303 Creative LLC v. Elenis: A First Amendment Analysis
In a much-watched case, 303 Creative LLC v. Elenis, the Supreme Court in June 2023 ruled that a Christian website designer cannot be required to create wedding websites for same-sex couples. The designer said that doing so would violate her religious beliefs.
Fans of the decision saw it as protecting the free speech provisions of the First Amendment, affirming that the government cannot force a person to speak, which in this case meant creating a web page.
Others expressed concern that the decision could open the door to business owners finding ways to discriminate because the court did not define what business activities would constitute expression.
The 303 Creative LLC v. Elenis case: Religion and speech vs. LGBTQ+ rights?
Lorie Smith, owner of Colorado-based website design company 303 Creative LLC, considered designing wedding websites, but she didn’t want to create sites for same-sex weddings because that would run contrary to her religious belief about marriage. This might run afoul of the Colorado Anti-Discrimination Act, which prevents denying service at businesses on the basis of, among other characteristics, sexual orientation. But Smith strongly believed that being forced to create wedding websites for same-sex clients violated her First Amendment protection from the government requiring her to speak.
Smith filed a federal lawsuit and, eventually, 303 Creative LLC v. Elenis proved to be one of the most contentious and closely watched cases of the 2022-2023 Supreme Court term. It was often framed as a fight for the future of speech and religious rights against the future of anti-discrimination laws and LGBTQ+ rights:
- If Smith lost, businesses would have to serve all customers without regard to their owners’ core beliefs.
- If Smith won, businesses could refuse service to someone based solely on the customer’s sexual orientation – or potentially race, color, national origin, religion, sex, age or disability.
The 303 Creative LLC v. Elenis ruling: Business owner not required to speak
In a 6-3 decision, the Supreme Court ruled in favor of Smith – but in a narrow way, with a clear statement that the decision was not to be taken as a broad license to discriminate.
The court framed the case as one in which Colorado wanted to compel Smith to engage in speech she doesn’t believe. It noted that the parties agreed that her websites would be original, expressive creations designed to convey a particular message. It cited decades of precedent that “the First Amendment protects an individual’s right to speak his mind regardless of whether the government considers his speech sensible and well intentioned or deeply ‘misguided.’”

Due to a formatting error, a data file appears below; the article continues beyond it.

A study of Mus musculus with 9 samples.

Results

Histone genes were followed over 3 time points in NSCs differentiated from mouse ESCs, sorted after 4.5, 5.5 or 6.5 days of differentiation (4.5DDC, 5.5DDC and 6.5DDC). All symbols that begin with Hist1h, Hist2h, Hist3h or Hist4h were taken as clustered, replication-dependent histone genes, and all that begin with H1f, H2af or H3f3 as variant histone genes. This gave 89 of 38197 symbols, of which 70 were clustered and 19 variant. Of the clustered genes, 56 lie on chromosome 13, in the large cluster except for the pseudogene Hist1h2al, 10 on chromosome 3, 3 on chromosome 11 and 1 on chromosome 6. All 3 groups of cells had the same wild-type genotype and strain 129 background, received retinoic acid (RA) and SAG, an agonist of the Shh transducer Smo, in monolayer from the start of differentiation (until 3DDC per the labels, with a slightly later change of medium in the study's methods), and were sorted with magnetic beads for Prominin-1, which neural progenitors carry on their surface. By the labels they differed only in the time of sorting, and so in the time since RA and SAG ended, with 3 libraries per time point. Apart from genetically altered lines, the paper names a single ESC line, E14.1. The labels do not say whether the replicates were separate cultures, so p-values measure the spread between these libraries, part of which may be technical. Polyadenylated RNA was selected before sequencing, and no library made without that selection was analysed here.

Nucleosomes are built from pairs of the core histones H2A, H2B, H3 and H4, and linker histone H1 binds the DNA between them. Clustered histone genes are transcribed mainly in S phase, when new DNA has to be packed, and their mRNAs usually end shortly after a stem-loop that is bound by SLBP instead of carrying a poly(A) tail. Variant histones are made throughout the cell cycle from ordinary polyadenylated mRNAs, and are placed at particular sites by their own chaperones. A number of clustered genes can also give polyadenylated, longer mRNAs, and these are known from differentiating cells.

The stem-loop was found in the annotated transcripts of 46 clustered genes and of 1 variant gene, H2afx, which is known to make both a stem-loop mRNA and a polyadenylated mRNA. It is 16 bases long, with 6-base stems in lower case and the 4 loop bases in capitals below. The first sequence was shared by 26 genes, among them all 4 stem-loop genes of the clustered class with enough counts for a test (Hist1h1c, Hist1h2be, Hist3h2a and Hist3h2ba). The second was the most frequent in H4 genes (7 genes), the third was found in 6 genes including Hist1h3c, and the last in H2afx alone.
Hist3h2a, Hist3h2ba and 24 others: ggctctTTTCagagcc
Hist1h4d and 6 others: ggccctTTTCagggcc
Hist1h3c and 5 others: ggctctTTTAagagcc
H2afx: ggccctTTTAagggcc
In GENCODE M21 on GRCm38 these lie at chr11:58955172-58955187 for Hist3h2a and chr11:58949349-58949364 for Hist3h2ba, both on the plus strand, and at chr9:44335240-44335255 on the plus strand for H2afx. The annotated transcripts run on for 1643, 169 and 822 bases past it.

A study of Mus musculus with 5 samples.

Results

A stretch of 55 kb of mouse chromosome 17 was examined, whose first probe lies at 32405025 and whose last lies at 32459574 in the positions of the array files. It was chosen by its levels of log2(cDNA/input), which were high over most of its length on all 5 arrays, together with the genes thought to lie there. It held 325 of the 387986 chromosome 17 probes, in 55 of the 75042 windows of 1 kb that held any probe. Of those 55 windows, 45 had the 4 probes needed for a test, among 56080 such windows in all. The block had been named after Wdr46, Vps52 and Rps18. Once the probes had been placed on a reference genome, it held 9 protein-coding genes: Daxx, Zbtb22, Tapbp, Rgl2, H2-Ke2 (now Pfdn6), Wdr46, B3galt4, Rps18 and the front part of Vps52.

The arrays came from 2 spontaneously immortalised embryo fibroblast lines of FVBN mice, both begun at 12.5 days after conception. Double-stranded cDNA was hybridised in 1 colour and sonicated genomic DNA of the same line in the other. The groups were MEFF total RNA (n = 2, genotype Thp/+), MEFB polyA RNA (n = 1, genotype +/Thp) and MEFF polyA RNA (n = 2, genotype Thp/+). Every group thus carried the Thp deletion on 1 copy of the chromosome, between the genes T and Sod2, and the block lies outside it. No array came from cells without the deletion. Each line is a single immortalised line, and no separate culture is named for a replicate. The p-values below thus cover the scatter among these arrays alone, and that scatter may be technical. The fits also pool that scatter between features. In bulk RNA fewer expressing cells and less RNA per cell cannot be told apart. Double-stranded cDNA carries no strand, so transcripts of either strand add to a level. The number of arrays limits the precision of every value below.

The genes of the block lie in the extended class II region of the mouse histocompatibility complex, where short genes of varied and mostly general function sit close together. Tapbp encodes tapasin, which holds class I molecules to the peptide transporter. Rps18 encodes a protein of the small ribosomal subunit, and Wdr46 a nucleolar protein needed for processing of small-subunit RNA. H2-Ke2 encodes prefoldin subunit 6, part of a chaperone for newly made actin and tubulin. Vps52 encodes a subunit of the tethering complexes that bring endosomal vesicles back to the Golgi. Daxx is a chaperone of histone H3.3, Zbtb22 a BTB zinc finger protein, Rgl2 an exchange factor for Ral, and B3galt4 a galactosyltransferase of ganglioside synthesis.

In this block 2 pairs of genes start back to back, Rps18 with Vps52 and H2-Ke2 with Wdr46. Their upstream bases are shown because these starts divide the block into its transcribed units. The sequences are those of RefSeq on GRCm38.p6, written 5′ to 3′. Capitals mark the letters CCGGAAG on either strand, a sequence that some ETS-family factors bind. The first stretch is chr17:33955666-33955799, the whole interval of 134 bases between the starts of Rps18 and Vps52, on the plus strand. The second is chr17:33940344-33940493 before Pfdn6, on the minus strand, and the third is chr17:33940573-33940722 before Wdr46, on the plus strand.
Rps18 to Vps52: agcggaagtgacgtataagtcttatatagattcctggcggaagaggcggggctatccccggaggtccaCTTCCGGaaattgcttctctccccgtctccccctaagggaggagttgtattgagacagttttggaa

In Smith’s case, designing websites is afforded the same protection as books, movies, paintings or anything she says aloud. Even though she is hired by a client who pays her and with whom she may consult, the final product is still “her speech.”
The ruling specifically affirmed the “vital role public accommodations laws play in realizing the civil rights of all Americans” but said that these laws must give way to the constitutional protection of free speech. Otherwise, “the better the artist, the finer the writer, the more unique his talent, the more easily his voice could be conscripted to disseminate the government’s preferred messages.”
It isn’t clear how the ruling will be applied in the future.
The future following 303 Creative LLC v. Elenis: Questions remain about when business is speech
The opinion was intentionally narrow. It is a strong affirmation of Smith’s First Amendment rights in her case. However, it doesn’t offer a lot of guidance for the dozens of similar cases that are already winding their way through lower courts or conflicts that have already arisen in the wake of these decisions, such as:
- What products and services qualify as “expressive”?
- How should courts make that determination? Is it in the eye of the creator or based on how a “reasonable person” might see it?
- Is there any way to test the sincerity of a business owner’s professed beliefs to make sure they are not simply discriminating in the name of free speech?
Some answers are straightforward. As identified in the opinion, an LGBTQ+ website designer could refuse to create a client website that advocates against same-sex marriage.
Similarly, as Justice Neil Gorsuch said, “There are no doubt innumerable goods and services that no one could argue implicate the First Amendment.” For instance, just days after 303 Creative was decided, a hair salon owner in Traverse City, Mich., said she would not serve transgender and queer people. Though she may argue her work is expressive creation, a simple haircut is not a message that promotes a transgender or queer identity, so this would be discrimination. But what if she were asked to color a rainbow into someone’s hair because the client wants to visibly support LGBTQ+ rights?
And what about a baker like Jack Phillips of Masterpiece Cakeshop (who has already secured a victory in the Supreme Court on mainly procedural grounds)? Based on this ruling, he would not have to create customized cakes with messages celebrating same-sex weddings. But when does baking become “expressive”? What about frosting a cake a certain way – like with rainbow frosting – but with no written message?
The decision in 303 Creative LLC v. Elenis demonstrates there is a limit to the First Amendment in these cases but doesn’t precisely say where.
Kevin Goldberg is a First Amendment specialist for the Freedom Forum. He can be reached at [email protected].